The long awaited ground breaking of a James Turrell Skyspace in Chestnut Hill is Tuesday morning. The Skyspace will be part of Chestnut Hill Friends Meeting’s (CHFM) new Quaker meetinghouse and accessible to all faiths. Groundbreaking for the new meetinghouse, located at 20 East Mermaid Lane, will at 8:30 a.m. Congressman Chaka Fattah and Philadelphia Councilwoman Cindy Bass plan to attend the ceremony. Completion of the project is projected for early 2013.
James Turrell is a internationally renown Quaker artist who combines both art and science to create his light installations. Turrell’s Skyspaces are simple chambers with a precisely calibrated central oculus in the ceiling which opens to the sky via a retractable roof. Visitors can witness and quietly contemplate how changes in light affect perception of the sky as a separate space from the interior of the room, as a simultaneously boundless void and tangible entity. A work of Turrell’s magnitude has the potential to become a major area landmark.
The inclusion of a James Turrell Skyspace as a permanent art installation in the building’s meetingroom helped CHFM meet The Knight Arts Challenge mission of transforming community in innovative ways through the arts. CHFM recently received a $80,000 grant as one of 35 winners in the 2012 Knight Arts Challenge. “We hope Turrell’s work will spark conversations about spirituality, contemporary art and community, as it weaves the arts into people’s everyday lives,” said Dennis Scholl, Knight Foundation’s Vice President for the Arts.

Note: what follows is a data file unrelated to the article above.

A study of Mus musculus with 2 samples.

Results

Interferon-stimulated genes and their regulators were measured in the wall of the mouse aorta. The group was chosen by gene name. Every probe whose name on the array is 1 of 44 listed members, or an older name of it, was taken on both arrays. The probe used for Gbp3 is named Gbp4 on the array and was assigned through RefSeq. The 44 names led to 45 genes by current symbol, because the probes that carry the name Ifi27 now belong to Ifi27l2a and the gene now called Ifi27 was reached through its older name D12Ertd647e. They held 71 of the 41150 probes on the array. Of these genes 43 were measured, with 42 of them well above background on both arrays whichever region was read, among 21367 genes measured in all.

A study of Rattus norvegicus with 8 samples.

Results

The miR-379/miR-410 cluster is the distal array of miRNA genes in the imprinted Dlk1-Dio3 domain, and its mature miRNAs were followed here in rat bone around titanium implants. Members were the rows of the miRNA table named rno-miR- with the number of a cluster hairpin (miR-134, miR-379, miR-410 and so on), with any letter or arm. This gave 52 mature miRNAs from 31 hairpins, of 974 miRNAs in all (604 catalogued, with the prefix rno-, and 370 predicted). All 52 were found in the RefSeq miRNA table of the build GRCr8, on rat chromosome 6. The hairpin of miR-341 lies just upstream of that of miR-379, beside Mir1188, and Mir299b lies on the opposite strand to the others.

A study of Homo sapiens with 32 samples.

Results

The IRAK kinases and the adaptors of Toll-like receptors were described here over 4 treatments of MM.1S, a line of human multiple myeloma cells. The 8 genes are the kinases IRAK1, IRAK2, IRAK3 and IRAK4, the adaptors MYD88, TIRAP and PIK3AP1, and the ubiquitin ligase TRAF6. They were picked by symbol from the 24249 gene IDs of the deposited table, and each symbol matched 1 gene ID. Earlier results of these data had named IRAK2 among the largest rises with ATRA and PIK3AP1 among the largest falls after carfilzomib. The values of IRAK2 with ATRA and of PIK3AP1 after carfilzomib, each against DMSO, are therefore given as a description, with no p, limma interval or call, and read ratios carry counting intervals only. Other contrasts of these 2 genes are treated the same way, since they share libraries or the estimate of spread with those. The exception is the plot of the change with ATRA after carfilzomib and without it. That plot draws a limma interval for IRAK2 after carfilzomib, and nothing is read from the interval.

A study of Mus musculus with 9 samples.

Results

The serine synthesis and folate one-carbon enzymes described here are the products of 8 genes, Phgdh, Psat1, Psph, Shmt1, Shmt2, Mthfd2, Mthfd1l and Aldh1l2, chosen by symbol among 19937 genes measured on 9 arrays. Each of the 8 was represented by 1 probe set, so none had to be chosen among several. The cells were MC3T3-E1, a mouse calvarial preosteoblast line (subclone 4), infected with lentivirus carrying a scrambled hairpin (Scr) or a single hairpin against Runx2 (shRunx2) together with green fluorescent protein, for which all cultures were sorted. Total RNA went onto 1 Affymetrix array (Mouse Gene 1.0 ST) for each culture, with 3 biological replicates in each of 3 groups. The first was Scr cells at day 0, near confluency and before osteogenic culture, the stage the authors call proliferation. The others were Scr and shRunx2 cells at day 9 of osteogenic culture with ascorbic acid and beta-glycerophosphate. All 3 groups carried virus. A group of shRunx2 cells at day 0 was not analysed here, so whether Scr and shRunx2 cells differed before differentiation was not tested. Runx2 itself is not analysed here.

CHFM is now closer than ever to financial goals for its new meetinghouse. “This extraordinary matching grant comes at the perfect time for us,” said CHFM’s New Meetinghouse Project Campaign Co-Chair Jon Landau. “Once we have matched the grant we will have met our fundraising goals.”
Chestnut Hill Friends New Meetinghouse Project’s total budget is $6.2 million. Last year, CHFM launched a fundraising drive, Building in the LIGHT to raise the remaining $370,000 of its $3 million capital campaign. In March, CHFM drew closer to that fundraising goal with a $200,000 grant from the William Penn Foundation. The project also received $75,000 from The National Endowment of the Arts in 2011. Additional construction costs have continued the project’s fundraising campaign. CHFM’s campaign will focus on program endowment after construction begins next week.
The new meetinghouse will feature eco-design equivalent to Platinum level LEED certification. The site will also include a storm water management system, native plantings and pervious pavement as part of the environmentally conscious landscaping design. CHFM plans to collaborate with Friends of the Wissahickon to connect the lot as an entry point to Cresheim Valley walking trails through a proposed footpath from Winston Road. The Turrell Skyspace will be open to the general public year-round.